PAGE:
The recent documentary The Social Dilemma has highlighted the ethical issues surrounding tech titans like Google and Facebook. While their share prices have skyrocketed, so has their ability to predict and manipulate our behaviour.
There’s a race going on between the tech giants, and the winner is the one that keeps our attention the longest. The longer they have us staring at our screens, the more ads we can watch, leading these businesses to their ultimate goal of greater profits and shareholder wealth. This business model is driven by economic incentive and shareholder pressure, but what about ethics?
The Social Dilemma discusses numerous ethical issues with tech companies stemming from their desire to be the best at predicting what we will do next. The amount of data they collect on us is mind boggling. By knowing us intimately, they can use these platforms as tools of persuasion; they know just the right thing to show us, and the exact right time to do it. Did you know that if you search for something on Google, and I search Google using exactly the same wording, we are likely to have different results displayed? The greatest ethical dilemma here is that tech companies, using platforms such as Facebook and YouTube, have the ability to exploit human behaviour.
Smartphones and the social media platforms that are hosted on them have become like an addictive drug thanks to dopamine, the feel-good chemical that gets released when we get a ‘like’ on Facebook or feel the reward of a new notification. The Social Dilemma describes how social media has also increased depression and anxiety, stemming from feelings of inadequacy. As humans, we have evolved to consider social acceptance as a survival mechanism, providing comfort and letting us know we belong to our community or local tribe. But humans have not evolved with the capabilities to go through the acceptance process with a global tribe, which is what happens when we put ourselves on the internet for a worldwide audience to judge, comment and like (or unlike). Suicide rates are on the rise, and a largely unregulated industry means a lack of protection for, especially young people, who have been brought up on technology and do not know differently.
One of the greatest threats discussed in the documentary is the use of social media as a tool of persuasion, one that can be used to control populations or incite violence when in the wrong hands. We all see different feeds based on what technology has decided for us, and this is based on what advertisers have paid for. It is likely that we do not see information that conflicts with our own beliefs. This biased view has the potential for political and social polarisation.
“On Twitter, fake news spreads 6 x faster than real news” – The Social Dilemma
These tech giants are facilitating what we see, meaning we now we have less control over who we are and what we believe.
Of course, there are so many great things that have come out of technology too, and these companies did not necessarily plan for the bad outcomes. Even in the documentary they point out the ‘like’ feature on Facebook was initially designed to share love. But this leads to a question of, who is responsible for the ethics of technology? Tech is changing rapidly, and the technological future is difficult to anticipate. It is challenging to predetermine what it will be used for, so working out the ethics in such an opaque environment is tricky. For instance, at what point is it necessary to consider ethics, during the design phase or end-use of technologies? If artificial intelligence (AI) progresses such that technology is ‘making its own decisions’, when does ethical responsibility shift from the company that develops the algorithms to the AI itself, and what does this mean for human beings?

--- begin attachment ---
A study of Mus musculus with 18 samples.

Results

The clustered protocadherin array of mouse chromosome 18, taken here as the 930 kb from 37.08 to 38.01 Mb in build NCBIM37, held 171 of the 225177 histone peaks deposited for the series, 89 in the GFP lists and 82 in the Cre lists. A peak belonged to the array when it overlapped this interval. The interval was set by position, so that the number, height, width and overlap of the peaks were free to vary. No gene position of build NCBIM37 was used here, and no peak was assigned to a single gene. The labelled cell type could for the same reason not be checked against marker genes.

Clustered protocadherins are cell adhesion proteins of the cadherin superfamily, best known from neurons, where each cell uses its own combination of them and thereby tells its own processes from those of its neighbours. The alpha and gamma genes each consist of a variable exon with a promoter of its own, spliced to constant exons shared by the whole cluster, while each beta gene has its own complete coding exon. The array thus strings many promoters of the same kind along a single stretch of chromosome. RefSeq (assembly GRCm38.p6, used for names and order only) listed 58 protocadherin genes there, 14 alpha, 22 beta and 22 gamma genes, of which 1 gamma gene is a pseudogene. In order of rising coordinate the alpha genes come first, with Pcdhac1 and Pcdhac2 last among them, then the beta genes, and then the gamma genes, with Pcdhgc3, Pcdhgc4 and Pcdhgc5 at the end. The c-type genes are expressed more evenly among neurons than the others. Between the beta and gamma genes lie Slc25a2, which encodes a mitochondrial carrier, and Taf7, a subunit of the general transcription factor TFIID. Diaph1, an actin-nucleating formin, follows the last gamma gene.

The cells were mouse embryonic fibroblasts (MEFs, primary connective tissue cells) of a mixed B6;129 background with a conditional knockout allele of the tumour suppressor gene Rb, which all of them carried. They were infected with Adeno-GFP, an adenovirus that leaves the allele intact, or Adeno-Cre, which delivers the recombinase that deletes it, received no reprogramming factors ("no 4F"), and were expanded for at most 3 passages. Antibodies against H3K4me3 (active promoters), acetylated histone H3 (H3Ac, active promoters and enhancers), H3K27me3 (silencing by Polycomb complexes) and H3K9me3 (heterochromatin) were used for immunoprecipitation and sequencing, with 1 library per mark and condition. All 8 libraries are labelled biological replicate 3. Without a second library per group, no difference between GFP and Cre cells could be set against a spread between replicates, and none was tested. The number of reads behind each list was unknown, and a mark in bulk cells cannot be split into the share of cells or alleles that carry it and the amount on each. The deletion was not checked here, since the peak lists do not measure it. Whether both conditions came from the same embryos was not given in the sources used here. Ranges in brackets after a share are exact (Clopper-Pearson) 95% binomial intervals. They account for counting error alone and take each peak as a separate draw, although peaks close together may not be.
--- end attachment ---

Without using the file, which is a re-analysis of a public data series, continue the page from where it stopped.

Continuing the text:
The stock prices of Google and Facebook today, reflect the views of investors and what they expect these companies will be worth in the future. These prices are rising despite privacy controversies and ethical debates, suggesting that investors see the potential prospects too.
When it comes to tech stocks and responsible investing, tech companies are commonly featured in ethical funds due to their lower environmental impact compared with other industries. In fact, ethical funds tended to perform better than traditional funds over the tech boom in the late 1990’s due in part to a tilt towards tech stocks. These days, ethical and responsible funds incorporate environmental (E), social (S) and governance (G) factors into the investment decision process. Tech stocks may seem like a better option for ‘E’ but what about the ‘S’ and ‘G’ factors? Should tech companies be accountable for the negative effects on society discussed here? Are the current antitrust investigations and ongoing privacy controversies reflected in the governance factor? Stock valuations include non-financial criteria such as ESG issues. Are these being accurately reflected in the ever-increasing stock prices of these tech titans?
The future is not set yet though. The documentary ends with a powerful message: Human beings can change technology; we built them and have a responsibility to change it.
Paul Garner CFP®
Certified Responsible Investment Financial Adviser
This article was written in collaboration with Paul Garner of Novo Wealth and Alexandra Brown of Invest with Ethics.